Much of the snow has melted from the valley floor, and there are signs of spring everywhere. If you haven’t yet thought about your vegetable garden, now is the time. The temperature is perfect for those cool-season crops that love this time of year. So, if you love cool-season crops, it is time to get out into the garden and start planting.
My weekend chores are already lined out, with the beautiful temperatures that are forecasted for our area. Lettuce, spinach, carrots and peas are generally the first thing I sow in March. I start from seeds, planting them directly into my garden beds. After planting hundreds of seeds, I start my onions and leeks. I like to purchase these bare-root to save time.
In western Nevada, we live at different elevations with very different microclimates. Some gardeners will follow the rules of thumb for their area. One such rule of thumb is plant your peas by St. Patrick’s Day. If you have never planted cool-season crops or started your garden this early, here are a few tips to help you with the most commonly planted crops.
Garlic is a great indicator of planting times for gardeners. Garlic typically emerges when the soil temperature is about 40 degrees Fahrenheit. This is just above freezing and 8 degrees above the minimum soil temperature that peas, leeks, lettuce and parsnips need.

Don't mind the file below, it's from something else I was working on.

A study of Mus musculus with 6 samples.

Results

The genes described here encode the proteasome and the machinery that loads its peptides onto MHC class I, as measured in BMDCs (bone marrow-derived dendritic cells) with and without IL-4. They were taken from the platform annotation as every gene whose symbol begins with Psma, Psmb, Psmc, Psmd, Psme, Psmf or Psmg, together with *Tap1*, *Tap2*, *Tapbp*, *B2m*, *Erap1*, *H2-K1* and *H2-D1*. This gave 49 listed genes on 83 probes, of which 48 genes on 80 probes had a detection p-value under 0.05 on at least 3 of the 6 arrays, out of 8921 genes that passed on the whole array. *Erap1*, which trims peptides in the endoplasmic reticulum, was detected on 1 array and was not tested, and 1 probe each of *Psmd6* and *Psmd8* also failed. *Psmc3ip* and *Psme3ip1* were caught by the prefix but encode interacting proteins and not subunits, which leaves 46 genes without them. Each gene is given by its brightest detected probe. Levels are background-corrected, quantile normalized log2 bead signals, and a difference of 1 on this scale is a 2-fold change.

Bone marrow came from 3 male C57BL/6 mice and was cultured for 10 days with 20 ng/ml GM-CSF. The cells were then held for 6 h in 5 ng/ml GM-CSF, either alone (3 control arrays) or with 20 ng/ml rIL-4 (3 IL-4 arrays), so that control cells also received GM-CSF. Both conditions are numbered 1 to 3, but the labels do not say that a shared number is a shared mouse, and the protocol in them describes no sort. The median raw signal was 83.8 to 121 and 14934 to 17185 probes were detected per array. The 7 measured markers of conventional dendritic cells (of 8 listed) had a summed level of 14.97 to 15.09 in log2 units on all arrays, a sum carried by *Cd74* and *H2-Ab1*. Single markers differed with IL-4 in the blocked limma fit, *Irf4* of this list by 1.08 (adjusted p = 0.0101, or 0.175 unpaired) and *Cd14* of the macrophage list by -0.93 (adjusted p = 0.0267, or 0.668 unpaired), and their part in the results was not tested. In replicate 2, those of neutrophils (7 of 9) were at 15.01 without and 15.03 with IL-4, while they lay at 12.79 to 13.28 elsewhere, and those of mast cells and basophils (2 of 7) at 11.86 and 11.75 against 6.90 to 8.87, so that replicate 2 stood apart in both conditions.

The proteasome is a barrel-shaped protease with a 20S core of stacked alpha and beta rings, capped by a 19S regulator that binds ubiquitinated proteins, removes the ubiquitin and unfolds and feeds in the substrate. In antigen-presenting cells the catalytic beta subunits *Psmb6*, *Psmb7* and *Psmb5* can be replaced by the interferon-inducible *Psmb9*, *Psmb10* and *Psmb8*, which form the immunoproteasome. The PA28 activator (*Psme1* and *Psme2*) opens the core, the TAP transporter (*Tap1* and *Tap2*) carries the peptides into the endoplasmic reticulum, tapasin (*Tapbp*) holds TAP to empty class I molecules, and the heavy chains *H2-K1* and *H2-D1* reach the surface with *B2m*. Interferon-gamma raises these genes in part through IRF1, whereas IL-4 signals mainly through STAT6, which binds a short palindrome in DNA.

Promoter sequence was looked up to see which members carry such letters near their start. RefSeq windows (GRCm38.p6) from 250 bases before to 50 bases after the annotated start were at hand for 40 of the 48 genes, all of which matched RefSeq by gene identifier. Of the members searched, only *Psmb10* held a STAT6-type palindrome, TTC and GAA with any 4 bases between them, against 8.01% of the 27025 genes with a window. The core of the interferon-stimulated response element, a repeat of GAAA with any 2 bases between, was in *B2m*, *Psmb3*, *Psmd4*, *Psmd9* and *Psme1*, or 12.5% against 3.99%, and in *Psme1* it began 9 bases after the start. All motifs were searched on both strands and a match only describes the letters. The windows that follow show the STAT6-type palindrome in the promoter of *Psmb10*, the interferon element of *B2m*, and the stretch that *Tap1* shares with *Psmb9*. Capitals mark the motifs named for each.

When planting peas, spinach and carrots,plant seeds directly into a well-drained soil, rich in organic matter.
Onions also prefer well-drained soil, rich in organic matter. Bulbs and sets or starts can be planted now. Seeds should be started indoors and transplanted within a month of germination. Onions have a small root system and do not perform well with competition, so space them with room to grow.
If you want to plant lettuce and have a variety of types already growing, mix seeds of the different varieties together first and scatter them over the entire bed area. This style of planting is often called a salad bowl mix. In many cases, you can purchase seeds that have already been blended together. This is most successful with loose-leaf lettuce varieties, not head lettuce.
Remember, most cool-season crops will be finished and ready to harvest by mid or late June. The beds can be left to rest for a month or so and then replanted with cool-season crops again in August. If insect pests have been a problem, start the new seeds in a different location for your second-season vegetable gardening. By planting cool-season crops in mid-August, you can continue harvesting fresh vegetables into late autumn.
Wendy Hanson Mazet is the Master Gardener Program coordinator for University of Nevada Cooperative Extension in Washoe County. If you are interested in learning more about vegetable gardening, Master Gardeners will be speaking during the Gardening in Nevada Bartley Ranch series 6-8 p.m. March 19 and 26. There is no cost to attend. Master gardeners are also available to answer gardening questions at firstname.lastname@example.org or 775-336-0265.